Child Poverty

The Trump budget is bad for children

March 18, 2019 | National

President Trump’s 2020 budget request landed with a thud this week, laden with deep cuts to programs that lift millions of children and their families out of poverty every year. In a moment of great prosperity, just more than a year after giving away $2 trillion in tax cuts for the wealthy, the President has once again offered a draconian budget that would leave more children hungry, unhoused and uninsured.

The President has proposed cutting the Supplemental Nutrition Assistance Program (SNAP, formerly known as food stamps) by $220 billion over the next decade, even though SNAP helped 19.2 million children avoid hunger in 2016 and kept 1.5 million children out of poverty in 2017. The President’s plan would take away recipients’ ability to choose the food that best suits their needs by converting their benefits to a box of food selected, packed and shipped by the government. It would also further expand work requirements despite huge bipartisan majorities in Congress rejecting such stringest requirements in the Farm Bill last year.

The President would also like to gut federal housing assistance, without which the child poverty rate would be roughly two percent higher according to a recent analysis by the National Academy of Sciences. The proposed 18 percent cut to the Department of Housing and Urban Development would devastate programs that boost the affordable housing supply at a time when more families than ever face unsustainably high rents and inadequate housing. The budget would also harm families currently receiving rental assistance by increasing the amount of rent such families would have to pay and tightening work requirements.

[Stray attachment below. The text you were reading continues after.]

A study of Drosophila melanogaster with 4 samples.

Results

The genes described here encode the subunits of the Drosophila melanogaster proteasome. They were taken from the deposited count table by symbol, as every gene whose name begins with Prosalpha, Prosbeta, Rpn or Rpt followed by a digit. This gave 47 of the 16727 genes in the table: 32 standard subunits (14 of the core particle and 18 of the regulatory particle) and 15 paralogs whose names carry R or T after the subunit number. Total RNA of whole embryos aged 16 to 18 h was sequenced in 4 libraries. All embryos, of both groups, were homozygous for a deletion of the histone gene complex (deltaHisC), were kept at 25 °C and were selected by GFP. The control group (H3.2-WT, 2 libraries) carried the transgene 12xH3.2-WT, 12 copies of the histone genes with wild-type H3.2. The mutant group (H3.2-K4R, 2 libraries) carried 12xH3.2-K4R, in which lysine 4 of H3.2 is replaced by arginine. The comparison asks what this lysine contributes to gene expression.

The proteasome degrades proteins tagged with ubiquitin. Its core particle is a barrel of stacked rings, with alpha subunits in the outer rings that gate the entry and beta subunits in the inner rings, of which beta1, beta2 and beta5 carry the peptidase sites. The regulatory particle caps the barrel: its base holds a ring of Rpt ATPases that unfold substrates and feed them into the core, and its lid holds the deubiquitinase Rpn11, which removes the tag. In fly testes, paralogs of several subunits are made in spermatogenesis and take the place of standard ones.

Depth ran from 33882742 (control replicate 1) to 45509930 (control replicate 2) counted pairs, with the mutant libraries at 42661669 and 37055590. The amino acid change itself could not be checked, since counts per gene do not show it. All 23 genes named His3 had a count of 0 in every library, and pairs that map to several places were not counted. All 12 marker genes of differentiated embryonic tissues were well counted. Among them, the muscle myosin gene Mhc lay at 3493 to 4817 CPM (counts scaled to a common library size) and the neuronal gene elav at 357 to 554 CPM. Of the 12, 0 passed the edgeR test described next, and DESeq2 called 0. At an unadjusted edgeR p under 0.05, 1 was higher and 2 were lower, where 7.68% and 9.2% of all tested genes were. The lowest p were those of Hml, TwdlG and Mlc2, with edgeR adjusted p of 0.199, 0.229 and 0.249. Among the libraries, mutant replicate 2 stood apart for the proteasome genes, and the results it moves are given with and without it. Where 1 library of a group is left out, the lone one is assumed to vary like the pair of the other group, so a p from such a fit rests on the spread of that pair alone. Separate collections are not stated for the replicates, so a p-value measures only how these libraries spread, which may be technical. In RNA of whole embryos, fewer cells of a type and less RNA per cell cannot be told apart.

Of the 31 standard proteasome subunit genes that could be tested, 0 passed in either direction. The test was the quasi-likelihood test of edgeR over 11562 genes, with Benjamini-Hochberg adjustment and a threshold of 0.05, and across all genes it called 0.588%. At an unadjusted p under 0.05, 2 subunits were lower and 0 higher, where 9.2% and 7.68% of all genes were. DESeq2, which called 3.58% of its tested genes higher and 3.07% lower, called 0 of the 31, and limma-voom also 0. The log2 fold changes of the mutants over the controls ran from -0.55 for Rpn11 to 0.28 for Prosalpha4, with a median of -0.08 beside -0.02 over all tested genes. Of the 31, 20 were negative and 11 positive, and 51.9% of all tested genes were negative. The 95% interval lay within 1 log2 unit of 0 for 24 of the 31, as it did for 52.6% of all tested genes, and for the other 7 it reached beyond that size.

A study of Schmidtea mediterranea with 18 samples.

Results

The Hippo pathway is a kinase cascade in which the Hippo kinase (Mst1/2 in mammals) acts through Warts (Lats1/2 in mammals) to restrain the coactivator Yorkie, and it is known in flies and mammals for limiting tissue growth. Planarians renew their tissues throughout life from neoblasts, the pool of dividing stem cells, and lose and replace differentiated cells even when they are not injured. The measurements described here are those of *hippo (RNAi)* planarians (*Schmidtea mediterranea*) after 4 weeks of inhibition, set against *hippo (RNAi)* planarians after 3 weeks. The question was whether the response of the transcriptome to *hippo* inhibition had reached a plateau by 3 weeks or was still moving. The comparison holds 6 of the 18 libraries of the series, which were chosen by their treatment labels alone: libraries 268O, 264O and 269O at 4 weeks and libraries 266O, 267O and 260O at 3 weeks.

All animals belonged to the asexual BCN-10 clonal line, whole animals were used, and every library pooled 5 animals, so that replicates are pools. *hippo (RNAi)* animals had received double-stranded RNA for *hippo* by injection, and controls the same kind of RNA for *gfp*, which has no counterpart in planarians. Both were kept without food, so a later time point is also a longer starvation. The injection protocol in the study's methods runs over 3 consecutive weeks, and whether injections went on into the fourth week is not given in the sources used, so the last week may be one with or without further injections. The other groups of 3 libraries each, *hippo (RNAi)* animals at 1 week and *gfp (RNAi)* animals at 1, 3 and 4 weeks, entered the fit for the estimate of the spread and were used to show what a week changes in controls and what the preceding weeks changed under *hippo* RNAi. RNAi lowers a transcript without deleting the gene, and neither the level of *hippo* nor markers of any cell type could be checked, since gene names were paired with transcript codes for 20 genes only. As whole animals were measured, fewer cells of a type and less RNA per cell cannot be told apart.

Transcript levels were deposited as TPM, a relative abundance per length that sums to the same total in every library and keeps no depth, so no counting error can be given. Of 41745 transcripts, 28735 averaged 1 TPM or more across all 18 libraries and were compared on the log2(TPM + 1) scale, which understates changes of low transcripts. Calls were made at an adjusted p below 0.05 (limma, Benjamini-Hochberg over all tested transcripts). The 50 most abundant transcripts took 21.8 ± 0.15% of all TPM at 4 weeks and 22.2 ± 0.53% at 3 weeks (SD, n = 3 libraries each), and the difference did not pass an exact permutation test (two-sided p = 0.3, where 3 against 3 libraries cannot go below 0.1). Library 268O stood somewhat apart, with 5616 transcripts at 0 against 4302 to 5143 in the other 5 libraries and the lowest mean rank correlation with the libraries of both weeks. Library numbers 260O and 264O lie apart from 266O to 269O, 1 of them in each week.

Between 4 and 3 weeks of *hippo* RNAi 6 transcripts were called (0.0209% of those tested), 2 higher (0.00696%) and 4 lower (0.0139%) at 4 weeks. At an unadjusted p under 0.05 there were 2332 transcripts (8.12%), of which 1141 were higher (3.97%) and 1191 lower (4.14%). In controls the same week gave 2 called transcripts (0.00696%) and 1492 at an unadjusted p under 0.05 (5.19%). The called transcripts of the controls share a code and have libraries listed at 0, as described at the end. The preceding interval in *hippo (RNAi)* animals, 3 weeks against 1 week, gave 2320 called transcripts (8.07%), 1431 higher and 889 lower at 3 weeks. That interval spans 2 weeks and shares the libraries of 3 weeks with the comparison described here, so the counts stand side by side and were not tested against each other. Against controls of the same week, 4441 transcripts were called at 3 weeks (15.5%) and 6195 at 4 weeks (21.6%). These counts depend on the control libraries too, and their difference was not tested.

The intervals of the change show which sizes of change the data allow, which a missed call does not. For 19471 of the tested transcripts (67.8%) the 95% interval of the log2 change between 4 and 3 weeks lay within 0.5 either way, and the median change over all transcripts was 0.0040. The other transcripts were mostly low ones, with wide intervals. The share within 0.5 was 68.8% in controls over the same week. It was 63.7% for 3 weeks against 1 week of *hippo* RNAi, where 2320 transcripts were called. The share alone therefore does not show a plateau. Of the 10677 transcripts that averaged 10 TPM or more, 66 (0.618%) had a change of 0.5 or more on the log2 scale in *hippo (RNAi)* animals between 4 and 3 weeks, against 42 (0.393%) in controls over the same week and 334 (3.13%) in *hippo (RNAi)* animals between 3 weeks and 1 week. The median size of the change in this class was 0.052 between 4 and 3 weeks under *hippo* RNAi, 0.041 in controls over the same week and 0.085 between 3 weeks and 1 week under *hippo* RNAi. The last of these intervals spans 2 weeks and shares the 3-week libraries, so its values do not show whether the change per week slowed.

Perhaps the deepest cuts of all would be to Medicaid, through which 37 million children receive health coverage. The President has proposed cuts of nearly $800 billion over the next decade by eliminating the Affordable Care Act’s expansion of Medicaid, replacing the program with an insufficient block grant to states and imposing work requirements on adults. These cuts would result in lost coverage for millions of Americans and plunge many families into poverty.

This cruel, ill-considered document doesn’t just strip away protections for the poorest children, it also makes deep cuts to higher education, public transportation and environmental protection all to cover the cost of:

  • Nearly $2 trillion in tax cuts for the wealthiest individuals and corporations
  • A $33 billion boost to defense spending
  • $8.6 billion on a wall along the U.S.-Mexico border

As if to paper over the extraordinary damage this proposal would inflict on America’s poor children, the President proposed a one-time investment of $1 billion for states to build the supply of child care, but then made it conditional on rolling back basic protections for children. We won’t be fooled—this budget is a travesty and should be tossed aside by Congress as soon as it reaches the Capitol.